According to City scuttlebutt, civil servants and bank bosses were administering finishing tweaks to Project Merlin on Monday evening when the chancellor lobbed “the large incendiary” of the tax increase. Painfully conscious of the accord’s weakness on bankers’ bonuses, it is said, Mr Osborne sought to bolster his virility in preparation for a Commons face-off with testosteronal Labour foe Ed Balls.
An extra liability of £800m is scarcely a blip on British banks’ compromised balance sheets. Besides, they will pass the cost on to customers. But the tax rise matters because it sends a worrying message about Mr Osborne’s debilities as a politician. Business is best served by ministers that keep tax flat across sectors and adjust its level at predictable points (annual budgets) following careful consideration.
The Conservative chancellor has flouted these conservative principles and should be trusted less by business as a result. The banking levy itself is in the discreditably selective tradition of Gordon Brown’s raid on North Sea oil producers in 2005. It is a tacit admission that the government is failing to create a robust and competitive banking market. The last-minute adjustment of this year’s rate, meanwhile, smacks of Mr Brown’s dithering over corporation tax.
Mr Osborne, to be fair, is squeezed from all sides. It is hard for him to restrict bank bonuses directly, because some banks might quit the UK. It is difficult to make banks increase net lending significantly when you also want them to build up their capital. But Tuesday’s tax announcement shows that the chancellor knows his mind on small matters, but not always on big ones. The contrast is with Margaret Thatcher. No civil servant would have dared tell The Leaderene: “There’s nothing we can do.” The ensuing thunderbolt would have left only a charred patch of carpet, by way of memorial.
To lose one broadband subscriber may be regarded as a misfortune. To lose 25,000 of them looks like carelessness, as Lady Bracknell might have said, had she been a telecoms analyst. The customers deserted TalkTalk, the broadband business spun off by Carphone Warehouse last March, partly in response to service interruptions. TalkTalk put a brave face on the defections on Tuesday. Transferring subscribers from Tiscali’s UK operations, bought for £236m in 2009, involved technical difficulties greater than removing a plug from one socket and sticking it into another. Besides, a proportion of the customers were unprofitable, TalkTalk said.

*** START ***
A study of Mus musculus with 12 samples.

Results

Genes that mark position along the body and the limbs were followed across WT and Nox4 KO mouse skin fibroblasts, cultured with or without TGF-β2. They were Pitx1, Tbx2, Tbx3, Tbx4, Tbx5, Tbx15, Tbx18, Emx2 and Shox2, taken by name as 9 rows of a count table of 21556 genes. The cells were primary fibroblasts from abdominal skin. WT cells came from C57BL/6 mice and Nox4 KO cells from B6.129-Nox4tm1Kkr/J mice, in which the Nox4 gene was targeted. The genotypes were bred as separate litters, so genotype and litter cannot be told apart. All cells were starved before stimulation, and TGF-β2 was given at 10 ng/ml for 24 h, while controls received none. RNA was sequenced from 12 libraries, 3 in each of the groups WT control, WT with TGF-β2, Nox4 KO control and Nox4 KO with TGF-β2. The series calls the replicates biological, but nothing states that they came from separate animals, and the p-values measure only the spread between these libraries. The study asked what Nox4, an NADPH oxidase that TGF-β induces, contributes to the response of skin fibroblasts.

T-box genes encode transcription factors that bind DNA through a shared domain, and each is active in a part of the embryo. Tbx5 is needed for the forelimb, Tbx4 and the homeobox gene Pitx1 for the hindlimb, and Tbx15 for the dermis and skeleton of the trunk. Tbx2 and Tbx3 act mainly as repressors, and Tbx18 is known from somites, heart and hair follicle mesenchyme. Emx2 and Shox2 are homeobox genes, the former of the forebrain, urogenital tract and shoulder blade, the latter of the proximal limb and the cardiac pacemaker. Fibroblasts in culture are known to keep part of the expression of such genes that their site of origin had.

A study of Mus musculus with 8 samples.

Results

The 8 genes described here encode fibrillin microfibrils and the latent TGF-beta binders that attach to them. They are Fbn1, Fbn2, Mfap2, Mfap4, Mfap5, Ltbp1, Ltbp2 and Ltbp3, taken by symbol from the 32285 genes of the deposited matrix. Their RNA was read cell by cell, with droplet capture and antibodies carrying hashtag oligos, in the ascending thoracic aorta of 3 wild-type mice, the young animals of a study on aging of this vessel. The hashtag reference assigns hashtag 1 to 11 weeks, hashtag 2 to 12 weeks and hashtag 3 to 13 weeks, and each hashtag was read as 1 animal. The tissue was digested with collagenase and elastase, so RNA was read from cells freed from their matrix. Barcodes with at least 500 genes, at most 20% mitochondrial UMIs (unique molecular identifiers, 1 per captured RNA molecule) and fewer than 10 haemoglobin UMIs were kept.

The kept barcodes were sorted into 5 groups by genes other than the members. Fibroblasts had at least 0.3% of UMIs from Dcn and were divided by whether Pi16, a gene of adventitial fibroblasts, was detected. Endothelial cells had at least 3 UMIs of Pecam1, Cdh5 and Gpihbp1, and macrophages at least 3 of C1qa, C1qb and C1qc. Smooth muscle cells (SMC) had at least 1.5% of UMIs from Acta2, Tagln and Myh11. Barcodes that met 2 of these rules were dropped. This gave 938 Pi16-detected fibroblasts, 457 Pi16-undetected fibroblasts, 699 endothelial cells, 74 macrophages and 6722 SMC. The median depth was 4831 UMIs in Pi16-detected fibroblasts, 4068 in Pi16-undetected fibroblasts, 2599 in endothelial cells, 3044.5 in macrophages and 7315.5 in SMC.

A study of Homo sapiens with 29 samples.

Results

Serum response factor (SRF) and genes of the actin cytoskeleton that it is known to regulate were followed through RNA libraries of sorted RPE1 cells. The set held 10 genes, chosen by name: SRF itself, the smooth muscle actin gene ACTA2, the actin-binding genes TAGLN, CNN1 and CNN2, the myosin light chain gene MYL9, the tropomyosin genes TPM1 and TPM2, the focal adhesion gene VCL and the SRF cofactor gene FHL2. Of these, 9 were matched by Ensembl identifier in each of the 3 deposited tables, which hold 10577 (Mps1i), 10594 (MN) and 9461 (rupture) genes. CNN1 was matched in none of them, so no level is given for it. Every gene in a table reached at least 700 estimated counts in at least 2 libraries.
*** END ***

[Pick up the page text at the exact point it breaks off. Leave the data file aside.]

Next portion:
But crowing about lost business is a dangerous game in broadband, where lossmaking subscribers might be converted into remunerative ones through new technology. An example would be the introduction of the much delayed YouView internet-based TV service in which TalkTalk is a shareholder. TalkTalk lags behind market leader BT both in subscriber numbers – 4.2m to BT’s 4.7m – and share price terms. Reach matters.
It was meanwhile courageous of Dido Harding, chief executive, to commit last year to a numeric profits target – earnings before interest, tax and other gubbins equal to 20 per cent of sales. TalkTalk achieved just 13.6 per cent at the half-year stage. Third-quarter revenues at the bottom end of City estimates show how easy it is to be blown off course. At least Ms Twenty Per Cent did not set a date for meeting her margin target. The gives her some wiggle room.
How could Jonathan Davis and his would-be employer, the Association of British Insurers, ever have thought he would have time for the demanding role of investment affairs director? The job mixes high-level lobbying with pronouncing on corporate governance. Mr Davis, a sometime FT columnist, intended to combine the role with a directorship of Agrifirma, a Brazilian land business. Having changed his mind, he plugged a forthcoming book on investment in the ABI press release announcing his no-show. Oh dear. Everyone knows that the proper place for columnists to plug their books is in their columns. The Lombard Guide to Red Hot Stocks will be available in all good bookshops soon.